NEW YORK -- It’s true. Winning is contagious.
At least it seemed that way for the Marlins on Friday. Exactly 20 years from the day of the franchise’s inaugural game in 1993, the Marlins won their first game of 2013, a 7-5 victory over the New York Mets.
The winning didn’t stop there, either. Mike Redmond and pitcher Alex Sanabia also recorded milestone victories. For Redmond, it was his first win as a major-league manager. For Sanabia, it was his first big-league pitching win since 2010.
“Overall, it’s a big sigh of relief to get that first win out of the way,” Redmond said of the team’s first victory.
Redmond’s two sons came down from the stands to give their father a hug on the field after the victory, and the celebration continued inside his office with a champagne toast.
“I knew it wasn’t going to be easy, and it sure wasn’t,” Redmond said after the Marlins, who took a 6-0 lead in the seventh, managed to barely hold on. “There are no easy wins in the big leagues. But for my first one, I’ll definitely remember that for the rest of my life.”
The Marlins were the last winless team left in the majors. No more.
Sanabia turned in six shutout innings, and the Marlins lineup finally showed some life by erupting for five runs in the seventh inning after scoring two runs total in the previous 33 innings.
Maybe the Marlins were simply due.
Maybe it something to do with the degree-of-difficulty contrasts in their opponents, going from the challenging Nationals to the less-formidable Mets.
Whatever the case, the Marlins put their series sweep to the Nationals behind them and dusted the Mets in the opening game of their series at Citi Field.
After mustering only one run in their three losses in Washington, the Marlins took their first lead of the season on Greg Dobbs’ home run in the second and broke it open with a five spot in the seventh.
Placido Polanco’s single in the seventh scored two runs, and back-to-back RBI doubles by Justin Ruggiano and Rob Brantly closed out the Marlins’ biggest inning since 2012.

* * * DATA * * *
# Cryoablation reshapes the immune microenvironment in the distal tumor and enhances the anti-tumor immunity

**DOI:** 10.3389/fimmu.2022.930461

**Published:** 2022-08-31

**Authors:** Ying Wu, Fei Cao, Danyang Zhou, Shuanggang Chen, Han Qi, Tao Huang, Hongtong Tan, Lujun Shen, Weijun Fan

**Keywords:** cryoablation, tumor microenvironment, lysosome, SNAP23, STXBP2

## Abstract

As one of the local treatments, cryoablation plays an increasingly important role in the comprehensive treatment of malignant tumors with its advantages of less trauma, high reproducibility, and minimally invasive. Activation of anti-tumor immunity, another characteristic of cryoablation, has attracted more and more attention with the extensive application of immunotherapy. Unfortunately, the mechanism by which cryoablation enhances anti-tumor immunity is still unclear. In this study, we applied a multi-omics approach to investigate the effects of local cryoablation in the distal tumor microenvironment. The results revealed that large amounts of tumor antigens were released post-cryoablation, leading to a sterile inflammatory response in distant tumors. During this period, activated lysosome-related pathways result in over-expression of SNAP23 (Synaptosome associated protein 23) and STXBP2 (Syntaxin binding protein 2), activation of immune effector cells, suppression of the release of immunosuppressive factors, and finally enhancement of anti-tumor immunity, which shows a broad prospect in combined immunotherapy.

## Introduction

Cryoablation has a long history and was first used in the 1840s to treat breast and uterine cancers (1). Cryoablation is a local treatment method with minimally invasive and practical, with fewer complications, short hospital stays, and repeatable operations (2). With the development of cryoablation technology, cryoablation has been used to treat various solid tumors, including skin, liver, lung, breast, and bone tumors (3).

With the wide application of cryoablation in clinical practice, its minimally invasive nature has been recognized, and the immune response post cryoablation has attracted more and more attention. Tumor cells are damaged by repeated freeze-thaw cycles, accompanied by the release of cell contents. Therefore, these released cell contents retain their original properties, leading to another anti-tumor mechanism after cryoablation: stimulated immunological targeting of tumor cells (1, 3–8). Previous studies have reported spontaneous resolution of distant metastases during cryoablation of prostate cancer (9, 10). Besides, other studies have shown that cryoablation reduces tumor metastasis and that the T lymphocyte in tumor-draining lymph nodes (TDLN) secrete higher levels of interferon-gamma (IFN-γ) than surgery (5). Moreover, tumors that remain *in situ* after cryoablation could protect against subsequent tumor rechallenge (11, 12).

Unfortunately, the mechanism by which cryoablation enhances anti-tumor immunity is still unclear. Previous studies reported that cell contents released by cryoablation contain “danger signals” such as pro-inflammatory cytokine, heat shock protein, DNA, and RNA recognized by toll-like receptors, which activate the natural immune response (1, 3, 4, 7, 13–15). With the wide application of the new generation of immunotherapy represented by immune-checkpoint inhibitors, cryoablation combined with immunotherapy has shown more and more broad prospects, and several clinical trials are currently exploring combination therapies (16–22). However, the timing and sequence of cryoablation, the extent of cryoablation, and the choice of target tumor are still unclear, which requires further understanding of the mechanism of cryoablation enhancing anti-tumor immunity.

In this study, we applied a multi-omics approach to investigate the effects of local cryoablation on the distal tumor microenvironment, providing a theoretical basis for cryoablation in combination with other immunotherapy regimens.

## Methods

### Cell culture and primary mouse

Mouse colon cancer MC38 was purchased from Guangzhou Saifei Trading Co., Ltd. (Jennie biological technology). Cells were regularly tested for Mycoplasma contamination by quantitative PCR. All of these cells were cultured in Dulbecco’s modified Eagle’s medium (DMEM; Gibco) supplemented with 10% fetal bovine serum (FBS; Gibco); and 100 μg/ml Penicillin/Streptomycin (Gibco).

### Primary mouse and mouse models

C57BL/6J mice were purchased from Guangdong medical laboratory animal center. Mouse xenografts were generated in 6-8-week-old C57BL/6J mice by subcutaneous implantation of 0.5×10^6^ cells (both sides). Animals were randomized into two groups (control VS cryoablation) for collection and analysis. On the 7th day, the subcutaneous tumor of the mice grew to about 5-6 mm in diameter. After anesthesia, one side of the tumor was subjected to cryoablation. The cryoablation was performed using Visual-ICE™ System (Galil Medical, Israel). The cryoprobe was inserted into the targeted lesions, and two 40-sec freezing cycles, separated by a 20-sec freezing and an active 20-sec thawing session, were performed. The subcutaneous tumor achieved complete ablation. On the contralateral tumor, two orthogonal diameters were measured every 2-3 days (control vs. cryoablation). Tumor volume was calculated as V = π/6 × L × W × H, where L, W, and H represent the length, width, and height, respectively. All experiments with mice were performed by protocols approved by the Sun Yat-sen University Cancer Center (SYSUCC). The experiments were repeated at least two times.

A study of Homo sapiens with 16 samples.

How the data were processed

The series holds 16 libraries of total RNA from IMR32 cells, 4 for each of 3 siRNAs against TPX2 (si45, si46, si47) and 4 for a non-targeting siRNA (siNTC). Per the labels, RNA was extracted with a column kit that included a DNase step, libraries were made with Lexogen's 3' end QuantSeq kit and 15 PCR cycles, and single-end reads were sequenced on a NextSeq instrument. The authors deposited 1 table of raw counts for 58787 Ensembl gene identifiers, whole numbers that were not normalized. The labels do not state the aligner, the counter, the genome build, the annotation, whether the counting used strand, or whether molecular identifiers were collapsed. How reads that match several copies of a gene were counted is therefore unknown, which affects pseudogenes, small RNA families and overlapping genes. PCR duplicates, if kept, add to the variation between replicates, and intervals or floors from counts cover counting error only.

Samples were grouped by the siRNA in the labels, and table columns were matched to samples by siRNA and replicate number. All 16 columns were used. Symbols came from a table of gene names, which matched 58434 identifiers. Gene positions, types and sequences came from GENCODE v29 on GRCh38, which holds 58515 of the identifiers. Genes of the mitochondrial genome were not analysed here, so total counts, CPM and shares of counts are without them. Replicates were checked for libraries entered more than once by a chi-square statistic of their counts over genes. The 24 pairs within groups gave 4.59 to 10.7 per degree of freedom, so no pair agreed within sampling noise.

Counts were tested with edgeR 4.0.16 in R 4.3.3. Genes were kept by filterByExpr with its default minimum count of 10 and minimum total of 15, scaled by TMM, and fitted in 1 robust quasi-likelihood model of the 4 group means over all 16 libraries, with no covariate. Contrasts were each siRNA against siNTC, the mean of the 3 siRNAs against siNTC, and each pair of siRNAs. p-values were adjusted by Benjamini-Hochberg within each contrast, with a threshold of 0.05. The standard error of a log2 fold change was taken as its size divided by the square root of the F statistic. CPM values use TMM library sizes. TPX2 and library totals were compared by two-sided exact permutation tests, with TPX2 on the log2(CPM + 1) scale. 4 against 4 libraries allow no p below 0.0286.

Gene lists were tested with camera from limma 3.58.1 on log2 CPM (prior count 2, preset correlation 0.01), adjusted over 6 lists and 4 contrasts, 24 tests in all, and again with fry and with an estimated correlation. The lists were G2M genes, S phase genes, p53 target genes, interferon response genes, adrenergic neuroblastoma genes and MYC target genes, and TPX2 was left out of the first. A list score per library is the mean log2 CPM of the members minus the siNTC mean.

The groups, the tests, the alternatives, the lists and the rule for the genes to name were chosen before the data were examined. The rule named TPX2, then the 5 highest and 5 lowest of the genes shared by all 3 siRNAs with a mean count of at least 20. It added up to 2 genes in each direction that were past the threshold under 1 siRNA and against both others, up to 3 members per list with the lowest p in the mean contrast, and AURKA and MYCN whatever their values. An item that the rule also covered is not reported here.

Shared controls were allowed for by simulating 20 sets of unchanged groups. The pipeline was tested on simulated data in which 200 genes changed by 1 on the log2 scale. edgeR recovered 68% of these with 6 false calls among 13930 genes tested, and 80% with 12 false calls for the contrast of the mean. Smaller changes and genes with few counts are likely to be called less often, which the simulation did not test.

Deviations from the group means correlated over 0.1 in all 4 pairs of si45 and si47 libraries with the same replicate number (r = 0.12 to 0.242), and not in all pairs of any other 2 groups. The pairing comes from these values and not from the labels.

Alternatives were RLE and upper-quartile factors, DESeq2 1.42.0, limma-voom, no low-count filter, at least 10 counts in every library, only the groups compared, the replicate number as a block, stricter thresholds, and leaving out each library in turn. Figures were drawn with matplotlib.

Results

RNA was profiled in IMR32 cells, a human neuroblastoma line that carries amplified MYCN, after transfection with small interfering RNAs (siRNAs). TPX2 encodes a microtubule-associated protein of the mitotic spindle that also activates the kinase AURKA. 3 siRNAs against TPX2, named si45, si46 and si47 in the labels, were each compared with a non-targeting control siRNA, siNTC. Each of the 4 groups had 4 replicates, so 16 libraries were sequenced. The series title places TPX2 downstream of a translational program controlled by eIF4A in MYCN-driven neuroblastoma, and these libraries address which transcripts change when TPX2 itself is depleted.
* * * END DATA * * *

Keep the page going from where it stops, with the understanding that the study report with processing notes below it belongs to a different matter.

About the only Marlin who didn’t contribute much Friday was Giancarlo Stanton, whose swing was looking out of kilter when he struck out in three of his first four trips to the plate. But Stanton snapped out of his funk in the ninth with a rocket-shot double over the center fielder’s head.
While the offense finally got rolling, the starting pitching for the Marlins remained strong, thanks to Sanabia. The 24-year-old right-hander hadn’t won in the majors since September 2010. And his presence on the team was the direct result of two other starters — Henderson Alvarez and Nathan Eovaldi — beginning the season on the disabled list.
“It’s been a while through the ups and downs,” Sanabia said of the long stretch between wins. “But it was awesome.”
There was nothing pretty about Sanabia’s outing.
The Mets put runners aboard in every one of his six innings. Sanabia allowed six hits, walked three and struck out just one. But not a single baserunner for the Mets managed to score with the right-hander on the mound.
“I was in a few jams and had to make pitches, and the defense was awesome,” he said.
In four games, Marlins starters have combined to allow five earned runs over 22 1/3 innings for a 2.02 ERA. The Mets were unable to score until Daniel Murphy cracked a three-run homer off reliever Chad Qualls in the seventh. It was a shaky night for the bullpen.
In addition to the home run off Qualls, A.J. Ramos loaded the bases with two outs in the eighth, walking two and hitting another batter. But he escaped by getting Murphy to ground to second.
Steve Cishek also gave up two runs in the ninth in what was a non-save situation for the Marlins’ closer. The Mets brought the tying run to the plate with one out. But Cishek struck out John Buck and got Justin Turner to bounce to first to end it.
“We didn’t do a great job late in the game shutting them down,” Redmond said.